Known to be the most sacred river in India, the Ganges River is famous not only for being the center of most religious rituals, but also for being historically significant among Indians. It is the longest river that runs through India and empties into the Bay of Bengal in the southern part. It also borders India from Bangladesh as it rises in the western Himalayas and passes through the Gangetic Plain.
Its religious significance is well-known as many mythologies are attributed to the presence of the Ganges River. Hindus are known to worship the river, associated with the Hindu goddess Ganga, which provides the daily needs to those who call it home. Traditional and religious rituals are often associated with this holy body of water as well. Ancient Hindu texts found in the Ramayana, the Mahabharata and several other Puranas or narratives on the creation history in Jain, Hindu and Buddhist tells the story of how the Ganges came to be. In the Vedic version of the creation history, it was Indra, Lord of Svarga (heaven), who slew Vritra (the celestial serpent) that subsequently released the celestial liquid (soma) known to be the nectar of the gods and them plunged it to the earth as its waters gave sustenance to other creatures.
Devotees and pilgrims are known to bathe or take a ritualistic dip in one of the almost one hundred ghats that lead to the Ganges River. This tradition is shared by the many different religions such as Jainism, Hinduism, Buddhism and Sikhism that is practiced around the city of Varanasi.
The belief is that when an individual bathes in the holy waters of the river, he will gain punya or merits and would be cleansed of all sins. This is possible by cupping their hands filled with water and slowly pouring it from the body back to the river while giving thanks to the ancestors and the gods and goddesses. Hence, devotees and pilgrims flock to the many ghats around the Ganges to perform the ritual before going to the numerous temples nearby.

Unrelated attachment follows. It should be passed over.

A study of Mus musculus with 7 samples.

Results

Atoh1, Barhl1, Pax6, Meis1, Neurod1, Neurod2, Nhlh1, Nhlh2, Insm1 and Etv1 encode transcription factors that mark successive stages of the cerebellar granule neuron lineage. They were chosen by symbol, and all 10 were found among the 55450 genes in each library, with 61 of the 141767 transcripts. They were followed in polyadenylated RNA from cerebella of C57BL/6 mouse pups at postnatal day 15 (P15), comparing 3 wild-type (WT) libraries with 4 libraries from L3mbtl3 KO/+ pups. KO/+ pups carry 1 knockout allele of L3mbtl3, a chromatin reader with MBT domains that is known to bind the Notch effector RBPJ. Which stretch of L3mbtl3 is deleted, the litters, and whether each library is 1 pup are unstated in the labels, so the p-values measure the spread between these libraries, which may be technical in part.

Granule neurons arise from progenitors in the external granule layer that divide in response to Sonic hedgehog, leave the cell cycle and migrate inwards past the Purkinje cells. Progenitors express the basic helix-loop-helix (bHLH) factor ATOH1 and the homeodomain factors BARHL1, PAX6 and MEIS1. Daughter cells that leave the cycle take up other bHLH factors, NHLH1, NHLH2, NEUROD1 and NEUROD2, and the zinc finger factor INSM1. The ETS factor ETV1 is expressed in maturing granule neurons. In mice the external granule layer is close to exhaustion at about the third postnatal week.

Tourists or visitors will enjoy the grand view of the Ganges in Varanasi by taking boat rides or a Ganges cruise. The best time where the magnificence of the river can be captured is during the evenings or during important celebrations such as the Avatarana or descent of the Ganges from heaven to earth, which happens during late May to early June every year. On the tenth day of the celebration known as Ganga Dashahara, many bathers converge in ghats along the river to rid themselves of the ten sins. For those who are unable to bathe in the Ganges River, their sins can still be absolved by taking a dip in other bodies of water.
The Ganges River is also believed to be a lifeline to millions of Indians living along the riverbank. For thousands of years, the river has provided the people living nearby its daily needs and sustenance. Its heavily populated riverbanks amounted to approximately four hundred million residents to date. There are numerous environmental efforts to preserve the river with joint initiatives by the national government, non-government organizations, environmental organizations and foreign preservation organizations. Thus, the Ganges River is seen to benefit more and more generations to come.